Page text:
Understanding Referencing
Referencing: Handy Tips
Why all this fuss about plagiarism?

Referencing Chicago Style: Quick Tips

General information

Common elements: All entries in the bibliography will include the author (or editor, compiler, translator), title and details of publication.

Author’s names: The author’s name is reversed in the bibliography, placing the last name first and separating the last name and first name with comma; for instance, Ali Maamiry becomes Maamiry, Ali.

Titles: Titles of books, journals are italicized. Titles of articles, chapters, poems, etc. are placed in quotation marks (“).

Publication information: The year of publication is listed after the publisher or journal name.

Punctuation: In a bibliography, all major elements are separated by periods.

 

Book Citation

Work of individual author or editor

Elements: Author Surname, Given name(s). Book Title: Subtitle (in italics). Place: Publisher, Year.

Example: Muir, Elizabeth Gillian. A woman's history of the Christian church: two thousand years of female leadership. Toronto : University of Toronto Press, 2019.

Work of multiple authors or editors

Elements: Author Surname, Given name(s), Author(s) Given name(s) and Surname(s). Book title: Subtitle(in italic). Place: Publisher, Year.

Two Authors or more

Examples: Long, Thomas G, and Leonora Tubbs Tisdale. Teaching preaching as a Christian practice; a new approach to homiletical pedagogy. Louisville: Westminster John Knox Press, 2008.

More than four authors

List all the authors in the bibliography and only the first author in notes.

Editor, compiler or translator instead of author

Lattimore, Richmond, trans. The Iliad of Homer. Chicago: University of Chicago Press, 1951.

Editor, compiler or translator in addition to author

Long, Thomas G. The witness of preaching. Translated by Lee Woo Je and Whang Eui Mu. Sŏul-si: Kidokkyo Munsŏ Sŏn'gyohoe, 2006.

Citing chapters in a book

Elements: Author Surname, Given name(s) (chapter author). ” Title: Subtitle (of chapter).” In Book title: Subtitle editor (s) name (s).” (page number(s)). Place: Publisher, Year.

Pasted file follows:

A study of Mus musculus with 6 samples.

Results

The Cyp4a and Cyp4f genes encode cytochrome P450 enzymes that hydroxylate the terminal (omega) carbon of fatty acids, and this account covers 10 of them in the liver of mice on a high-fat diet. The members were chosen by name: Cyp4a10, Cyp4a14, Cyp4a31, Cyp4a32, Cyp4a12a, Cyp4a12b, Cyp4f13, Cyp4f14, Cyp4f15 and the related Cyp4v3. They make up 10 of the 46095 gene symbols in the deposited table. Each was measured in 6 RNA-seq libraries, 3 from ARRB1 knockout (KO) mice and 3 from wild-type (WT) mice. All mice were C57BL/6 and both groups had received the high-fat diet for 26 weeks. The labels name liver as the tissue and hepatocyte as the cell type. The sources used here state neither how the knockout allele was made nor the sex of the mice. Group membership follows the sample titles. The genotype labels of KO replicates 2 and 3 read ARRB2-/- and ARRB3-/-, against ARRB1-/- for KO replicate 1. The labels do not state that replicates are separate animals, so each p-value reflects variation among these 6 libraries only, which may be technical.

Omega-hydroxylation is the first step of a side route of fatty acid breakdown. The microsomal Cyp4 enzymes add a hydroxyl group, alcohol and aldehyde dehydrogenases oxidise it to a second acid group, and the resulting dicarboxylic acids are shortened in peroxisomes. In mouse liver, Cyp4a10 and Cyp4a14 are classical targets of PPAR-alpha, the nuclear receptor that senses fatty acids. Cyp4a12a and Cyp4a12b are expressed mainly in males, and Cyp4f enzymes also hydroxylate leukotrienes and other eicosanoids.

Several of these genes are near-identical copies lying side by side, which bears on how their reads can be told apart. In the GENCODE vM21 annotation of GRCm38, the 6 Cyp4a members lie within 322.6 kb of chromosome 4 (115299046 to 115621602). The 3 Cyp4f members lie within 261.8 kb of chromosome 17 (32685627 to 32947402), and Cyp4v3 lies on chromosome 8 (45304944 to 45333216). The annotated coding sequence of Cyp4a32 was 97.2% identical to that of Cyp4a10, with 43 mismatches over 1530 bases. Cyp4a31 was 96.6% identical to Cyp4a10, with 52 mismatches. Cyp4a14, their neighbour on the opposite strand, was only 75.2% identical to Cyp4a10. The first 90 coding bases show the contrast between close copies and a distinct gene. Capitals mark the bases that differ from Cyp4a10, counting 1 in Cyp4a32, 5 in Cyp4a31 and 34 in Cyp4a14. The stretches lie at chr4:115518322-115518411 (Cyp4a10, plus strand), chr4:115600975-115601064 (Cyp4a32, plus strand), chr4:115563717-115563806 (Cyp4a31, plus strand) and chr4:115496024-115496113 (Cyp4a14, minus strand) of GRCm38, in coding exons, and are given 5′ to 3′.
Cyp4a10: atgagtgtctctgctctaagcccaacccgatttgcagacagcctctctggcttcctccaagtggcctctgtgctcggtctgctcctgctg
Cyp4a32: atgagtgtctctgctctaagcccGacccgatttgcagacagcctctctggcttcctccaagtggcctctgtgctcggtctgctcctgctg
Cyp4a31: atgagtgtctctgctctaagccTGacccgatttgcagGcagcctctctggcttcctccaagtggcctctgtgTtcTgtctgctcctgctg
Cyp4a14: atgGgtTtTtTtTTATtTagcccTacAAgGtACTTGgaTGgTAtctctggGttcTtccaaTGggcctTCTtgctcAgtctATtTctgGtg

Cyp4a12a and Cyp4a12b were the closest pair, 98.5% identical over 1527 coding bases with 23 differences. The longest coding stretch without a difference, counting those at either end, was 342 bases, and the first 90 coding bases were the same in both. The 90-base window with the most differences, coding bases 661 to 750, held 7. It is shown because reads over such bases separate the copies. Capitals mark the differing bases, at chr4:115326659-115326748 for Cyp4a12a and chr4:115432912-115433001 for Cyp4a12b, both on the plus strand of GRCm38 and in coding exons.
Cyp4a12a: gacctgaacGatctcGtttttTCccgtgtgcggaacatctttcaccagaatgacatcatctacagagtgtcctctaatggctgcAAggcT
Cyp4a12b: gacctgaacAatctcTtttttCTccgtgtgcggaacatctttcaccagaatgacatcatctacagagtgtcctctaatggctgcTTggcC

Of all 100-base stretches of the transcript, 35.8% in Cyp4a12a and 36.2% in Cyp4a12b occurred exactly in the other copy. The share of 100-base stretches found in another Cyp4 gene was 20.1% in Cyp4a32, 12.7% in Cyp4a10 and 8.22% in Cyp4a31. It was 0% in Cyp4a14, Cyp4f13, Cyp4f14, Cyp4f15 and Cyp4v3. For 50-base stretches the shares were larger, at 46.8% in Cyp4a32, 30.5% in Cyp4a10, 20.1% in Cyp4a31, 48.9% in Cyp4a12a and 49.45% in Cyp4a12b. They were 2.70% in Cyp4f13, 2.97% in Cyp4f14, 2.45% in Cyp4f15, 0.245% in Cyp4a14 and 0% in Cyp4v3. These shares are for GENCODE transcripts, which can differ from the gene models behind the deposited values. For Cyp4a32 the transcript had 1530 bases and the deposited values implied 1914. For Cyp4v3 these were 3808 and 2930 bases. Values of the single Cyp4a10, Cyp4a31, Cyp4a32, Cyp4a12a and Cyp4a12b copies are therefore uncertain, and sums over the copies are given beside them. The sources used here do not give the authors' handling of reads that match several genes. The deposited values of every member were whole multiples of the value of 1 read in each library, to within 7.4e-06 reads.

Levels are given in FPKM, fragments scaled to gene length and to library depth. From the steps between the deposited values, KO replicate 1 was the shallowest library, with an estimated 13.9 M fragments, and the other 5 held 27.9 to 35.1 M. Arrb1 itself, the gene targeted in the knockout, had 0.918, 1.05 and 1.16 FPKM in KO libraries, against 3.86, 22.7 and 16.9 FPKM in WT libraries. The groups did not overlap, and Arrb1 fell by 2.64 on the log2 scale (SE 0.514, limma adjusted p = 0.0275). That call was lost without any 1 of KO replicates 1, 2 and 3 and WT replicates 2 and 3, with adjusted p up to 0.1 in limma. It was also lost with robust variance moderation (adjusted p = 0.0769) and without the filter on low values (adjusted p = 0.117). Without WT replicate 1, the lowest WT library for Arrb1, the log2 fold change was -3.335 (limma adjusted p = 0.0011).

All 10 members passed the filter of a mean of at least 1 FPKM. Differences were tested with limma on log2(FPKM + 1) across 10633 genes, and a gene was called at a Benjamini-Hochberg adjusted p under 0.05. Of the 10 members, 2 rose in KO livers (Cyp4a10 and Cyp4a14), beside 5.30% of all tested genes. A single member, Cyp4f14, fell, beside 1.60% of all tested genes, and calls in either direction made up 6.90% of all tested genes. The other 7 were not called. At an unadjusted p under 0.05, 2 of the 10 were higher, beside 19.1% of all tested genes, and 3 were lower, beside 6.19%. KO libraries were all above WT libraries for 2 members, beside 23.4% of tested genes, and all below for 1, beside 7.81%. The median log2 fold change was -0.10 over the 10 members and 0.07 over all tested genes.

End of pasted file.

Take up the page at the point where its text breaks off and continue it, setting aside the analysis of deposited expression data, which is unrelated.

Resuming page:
Lienhard, Marc. “Luther, Martin”. In Encyclopedia of Christian Theology volume 2, edited by Jean-Yves Lacoste, 958-964. New York: Routledge, 2005.

Electronic books

If the book is available in more than one format, cite the consulted format. For the book consulted online cite the URL.

Elements: Surname, Given name(s). Title: Subtitle. Place: Publisher, Year.

Example: González, Justo L. Church history: an essential guide. Nashville: Abingdon Press. 1996. Accessed 20 October 2020. http://eds.a.ebscohost.com/eds/detail/detail?vid=3&sid=4ddc02b9-2e71-435....

 

Journal Article Citation

Journal article (Printed)

Elements: Author Surname, Given name(s). “Title: Subtitle.” Journal title (in italic), volume number, Issue number (Year): page range.

Example: Stirling, Ian. “Deep silences: reclaiming silence as a locus of the sacred.” Practical Theology 13, 3 (2020): 259-276.

Journal article (Electronic)

Elements: Author Surname, Given name(s). “Title: Subtitle.” Journal title (in italic), Volume number, Issue number (Year): page number(s). DOI or URL (Accessed date)

Example: Ma, Wonsuk. “The Holy Spirit in Pentecostal Mission: The Shaping of Mission Awareness and Practice.” International Bulletin of Mission Research, 41, 3 (2017): 227-238. Accessed February 28, 2020. doi:10.1177/2396939317704757.

 

Thesis Or Dissertation Citation

Elements: Surname, Given name(s). “Thesis title: subtitle.” Award. Institution issuing degree, Year.

Example: Evans, Donald C. “"Unity in Faith and Mission": a creative response to tension and diversity within the Uniting Church in Australia (U.C.A.) in New South Wales.” PhD diss. San Francisco Theological Seminary, 1993.

 

Conference Paper

Elements: Surname, Given name(s) “title: subtitle.” meeting/conference name, Place, date (m/d/y).

Example: Adelman, Rachel. “Such Stuff as Dreams Are Made On: God’s Footstool in the Aramaic Targumim and Midrashic Tradition.” Paper presented at the annual meeting for the Society of Biblical literature, New Orleans, Louisiana, November 21-24, 2009.

 

Website

A citation to website content can often be limited to a mention in the text or note, but if more information desired can be cited as follows:

Example: Google. “Google Privacy Policy.” Last modified March 11, 2009. http://www.google.com/intl/en/privacypolicy.html.